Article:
Premier Group Sales Associates are experts when it comes to helping customers navigate our huge selection. Making recommendations that satisfy a wide range of consumer tastes, budgets and preferences takes years of dedicated study and a thorough understanding of our complete inventory. But how do they apply that knowledge when choosing something for themselves?
In this first look into the personal selections of our staff, Kevin McFadden provides insight into the wines he’s enjoying and how he arrived at making those selections. Get to know Kevin’s personal preferences in this post.
It was about 15 years ago that I made my first trips to the Finger Lakes, which was the start of my ever-evolving fascination with wine. It’s grown from a passing interest to a full-on obsession which sees me spending most of my spare cash on wines from around the globe and amassing a cellar that’s currently approaching the 200-bottle mark. I still try to make it out to the Finger Lakes once or twice a year, and up to Ontario wineries even more frequently, which you’ll see reflected in two of my picks being from the Niagara Escarpment (both sides of the border). My main obsessions these days tend to be European, though, from Barolo to Chianti to Austrian Gruner Veltliner. Rather than highlighting those rare, expensive bottles that are aging in my cellar, I’ve decided to showcase some of the under-$15 wines that I drink regularly. I hope you’ll enjoy them as much as I do.
2018 Arrowhead Spring Vineyards Rose, Niagara Escarpment
I’ve long been an advocate of the red wines from Arrowhead Spring Vineyards, considering them among the finest produced in New York. Winemaker Duncan Ross has always been able to coax admirable ripeness and concentration from Bordeaux varieties grown in this area that many still (incorrectly) think is too cool for reds. What really blew me away this year, however, was their Rosé. 100% Cabernet Franc, this features telltale savory, herbal aromatics of bay leaf and red bell pepper. And while bone dry, that aforementioned ripeness imparts extremely vibrant strawberry and watermelon fruit. Though different in flavor profile, I’d put this up qualitatively against anything under $25 from Provence. With all the wines I taste from around the world, it’s remarkable that my favorite Rosé of the year came from just down the road!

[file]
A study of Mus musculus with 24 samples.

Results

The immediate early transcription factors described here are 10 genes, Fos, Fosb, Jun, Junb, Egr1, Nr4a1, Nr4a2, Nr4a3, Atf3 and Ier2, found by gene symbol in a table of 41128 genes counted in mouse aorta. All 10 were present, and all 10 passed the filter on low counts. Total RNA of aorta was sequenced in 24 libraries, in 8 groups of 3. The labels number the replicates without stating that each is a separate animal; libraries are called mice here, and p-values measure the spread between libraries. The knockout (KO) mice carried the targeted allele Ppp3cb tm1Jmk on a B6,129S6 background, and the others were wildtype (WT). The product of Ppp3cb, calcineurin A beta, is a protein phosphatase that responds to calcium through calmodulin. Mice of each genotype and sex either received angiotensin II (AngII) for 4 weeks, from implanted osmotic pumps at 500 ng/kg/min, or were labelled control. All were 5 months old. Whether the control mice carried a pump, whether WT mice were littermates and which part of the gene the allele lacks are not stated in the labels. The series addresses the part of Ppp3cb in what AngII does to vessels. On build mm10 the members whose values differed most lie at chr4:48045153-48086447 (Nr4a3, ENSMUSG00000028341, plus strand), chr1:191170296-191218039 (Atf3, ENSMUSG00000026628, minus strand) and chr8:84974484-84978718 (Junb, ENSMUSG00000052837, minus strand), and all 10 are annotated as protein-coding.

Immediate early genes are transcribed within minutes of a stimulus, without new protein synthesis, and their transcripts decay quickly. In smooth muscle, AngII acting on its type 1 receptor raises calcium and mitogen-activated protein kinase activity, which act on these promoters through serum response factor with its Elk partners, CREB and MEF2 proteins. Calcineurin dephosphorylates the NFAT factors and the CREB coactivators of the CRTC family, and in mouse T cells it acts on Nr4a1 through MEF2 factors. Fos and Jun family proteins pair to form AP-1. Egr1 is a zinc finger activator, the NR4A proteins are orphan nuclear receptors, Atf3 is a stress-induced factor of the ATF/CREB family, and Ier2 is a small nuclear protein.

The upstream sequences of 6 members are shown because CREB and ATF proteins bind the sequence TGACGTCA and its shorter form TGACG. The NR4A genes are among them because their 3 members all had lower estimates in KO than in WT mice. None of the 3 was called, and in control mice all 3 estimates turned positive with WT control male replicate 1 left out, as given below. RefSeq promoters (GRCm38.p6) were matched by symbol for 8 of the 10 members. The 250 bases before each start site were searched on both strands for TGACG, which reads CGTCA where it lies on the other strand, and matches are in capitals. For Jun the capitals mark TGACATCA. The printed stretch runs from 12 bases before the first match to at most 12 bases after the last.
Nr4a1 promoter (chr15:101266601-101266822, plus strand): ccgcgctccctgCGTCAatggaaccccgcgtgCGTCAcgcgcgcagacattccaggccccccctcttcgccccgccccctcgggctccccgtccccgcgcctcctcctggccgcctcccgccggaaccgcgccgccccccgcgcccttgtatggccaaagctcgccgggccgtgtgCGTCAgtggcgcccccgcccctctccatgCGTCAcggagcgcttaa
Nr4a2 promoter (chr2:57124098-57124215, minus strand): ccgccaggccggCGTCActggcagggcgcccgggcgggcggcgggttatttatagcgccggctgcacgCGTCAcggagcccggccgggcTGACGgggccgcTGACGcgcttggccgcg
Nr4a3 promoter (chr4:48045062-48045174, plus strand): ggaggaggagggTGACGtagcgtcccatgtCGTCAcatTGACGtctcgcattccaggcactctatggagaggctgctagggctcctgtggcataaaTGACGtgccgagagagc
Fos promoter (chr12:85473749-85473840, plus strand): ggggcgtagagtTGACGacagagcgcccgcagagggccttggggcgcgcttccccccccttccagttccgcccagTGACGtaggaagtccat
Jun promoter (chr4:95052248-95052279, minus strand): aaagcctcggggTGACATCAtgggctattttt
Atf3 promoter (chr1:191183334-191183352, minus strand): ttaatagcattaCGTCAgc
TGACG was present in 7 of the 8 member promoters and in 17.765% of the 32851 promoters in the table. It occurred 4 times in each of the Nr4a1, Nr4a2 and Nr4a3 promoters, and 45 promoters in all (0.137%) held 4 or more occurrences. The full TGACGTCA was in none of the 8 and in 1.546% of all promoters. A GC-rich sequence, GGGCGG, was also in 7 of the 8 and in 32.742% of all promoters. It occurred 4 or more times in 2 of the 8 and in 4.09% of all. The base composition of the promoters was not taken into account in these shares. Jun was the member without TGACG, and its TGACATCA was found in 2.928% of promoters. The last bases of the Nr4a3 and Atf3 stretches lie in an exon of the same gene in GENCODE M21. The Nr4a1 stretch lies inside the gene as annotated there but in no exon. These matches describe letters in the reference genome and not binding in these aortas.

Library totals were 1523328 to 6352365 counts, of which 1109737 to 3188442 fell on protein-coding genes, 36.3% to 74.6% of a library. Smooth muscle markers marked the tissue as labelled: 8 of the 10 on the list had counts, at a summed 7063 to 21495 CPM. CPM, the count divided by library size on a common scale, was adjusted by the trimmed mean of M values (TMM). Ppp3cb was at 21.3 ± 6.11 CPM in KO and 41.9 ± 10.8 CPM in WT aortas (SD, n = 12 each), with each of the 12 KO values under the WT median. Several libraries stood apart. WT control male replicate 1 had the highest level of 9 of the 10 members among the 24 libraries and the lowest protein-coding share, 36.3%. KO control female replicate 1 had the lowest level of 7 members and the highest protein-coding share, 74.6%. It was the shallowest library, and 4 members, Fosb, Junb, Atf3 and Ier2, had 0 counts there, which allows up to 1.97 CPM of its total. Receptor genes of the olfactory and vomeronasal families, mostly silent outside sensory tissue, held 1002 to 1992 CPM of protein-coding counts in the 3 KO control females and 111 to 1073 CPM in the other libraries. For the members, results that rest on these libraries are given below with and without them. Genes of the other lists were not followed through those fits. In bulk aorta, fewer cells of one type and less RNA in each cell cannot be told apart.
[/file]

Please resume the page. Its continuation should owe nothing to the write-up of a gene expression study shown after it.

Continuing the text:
2011 Chateau de Pennautier Cabardès
This is the kind of rustic value-priced red that I can’t get enough of—quite literally, I’ve lost track of how many bottles I’ve bought. A blend of equal parts Cabernet Sauvignon, Merlot, Malbec, Syrah, and Grenache, this Languedoc wine has me drawing comparisons to traditional wines from places as far-flung as Cahors, Chateauneuf-du-Pape, Pomerol, or even Rioja. You’ll find plenty of cassis and plum fruit, but it’s the funkier aromatics that keep me coming back: elements of leather, cigar box, peppery spice, smoked meat, and, most pivotally, the scent of an old library book. This is a must-try for those seeking something off the beaten path.
2016 Casa do Valle Vinho Verde
If you imagine all Vinho Verde as being excessively light, simple, slightly carbonated quaffers, this is a wine that might change your perspective. The Casa do Valle is a wine of chalky minerality which has me drawing comparisons more to Sancerre, Muscadet, or Chablis. While there is no effervescence to this wine, the bracing acidity might make you believe for a moment that there is. Look for lemony citrus pith, salty sea-breeze, and plenty of chalky, stony cut—a terrific wine for shellfish or any ocean fare. And while your average Vinho Verde is meant to be drunk as soon as possible from the vintage date, this shows no signs of tiring at 3 years. The fact that it’s marked down now makes it an insane value. Buy up now, before I drink it all.
2015 Malacari Marche Rosso
Montepulciano has long been my go-to pizza wine and the Malacari (100% Montepulciano, though the label makes no indication of this) is my current favorite in the category. At its best, Montepulciano marries sappy fruit intensity with a savory edge and a structure that can be full-bodied without excess heaviness. The Malacari accomplishes this admirably with a firm core of dark cherry and accents of thyme, leather, and subtle campfire. Enjoy with your favorite pizza, whether home-made or take-out.
2011 Henry of Pelham Chardonnay, Niagara Peninsula
Here’s a wine I took a random stab at, unsure what to expect, given its age. But I was inspired by recent visits to Henry of Pelham—their Baco Noir might be their most well-known wine, but I think they do a fabulous job with Chardonnay and Pinot Noir from their vineyards in the Short Hills Bench of Ontario. We carry their entry level Chardonnay which bears the broader Niagara Peninsula appellation, and it is doing surprisingly well at age eight. It’s unoaked, but well-past its young fruit-driven stage of life. Now you’re more likely to find hints of hazelnut, seaweed, and a shrimp shell brininess. There’s still plenty of acid spine and freshness in the structure. I may have guessed this as mature Chablis, had I been blind tasting. It may not be everyone’s cup of tea, but I found it absolutely delicious. And if you’re planning any trips to Ontario wine country, I’m always happy to point customers to some of my favorite destinations. Just ask!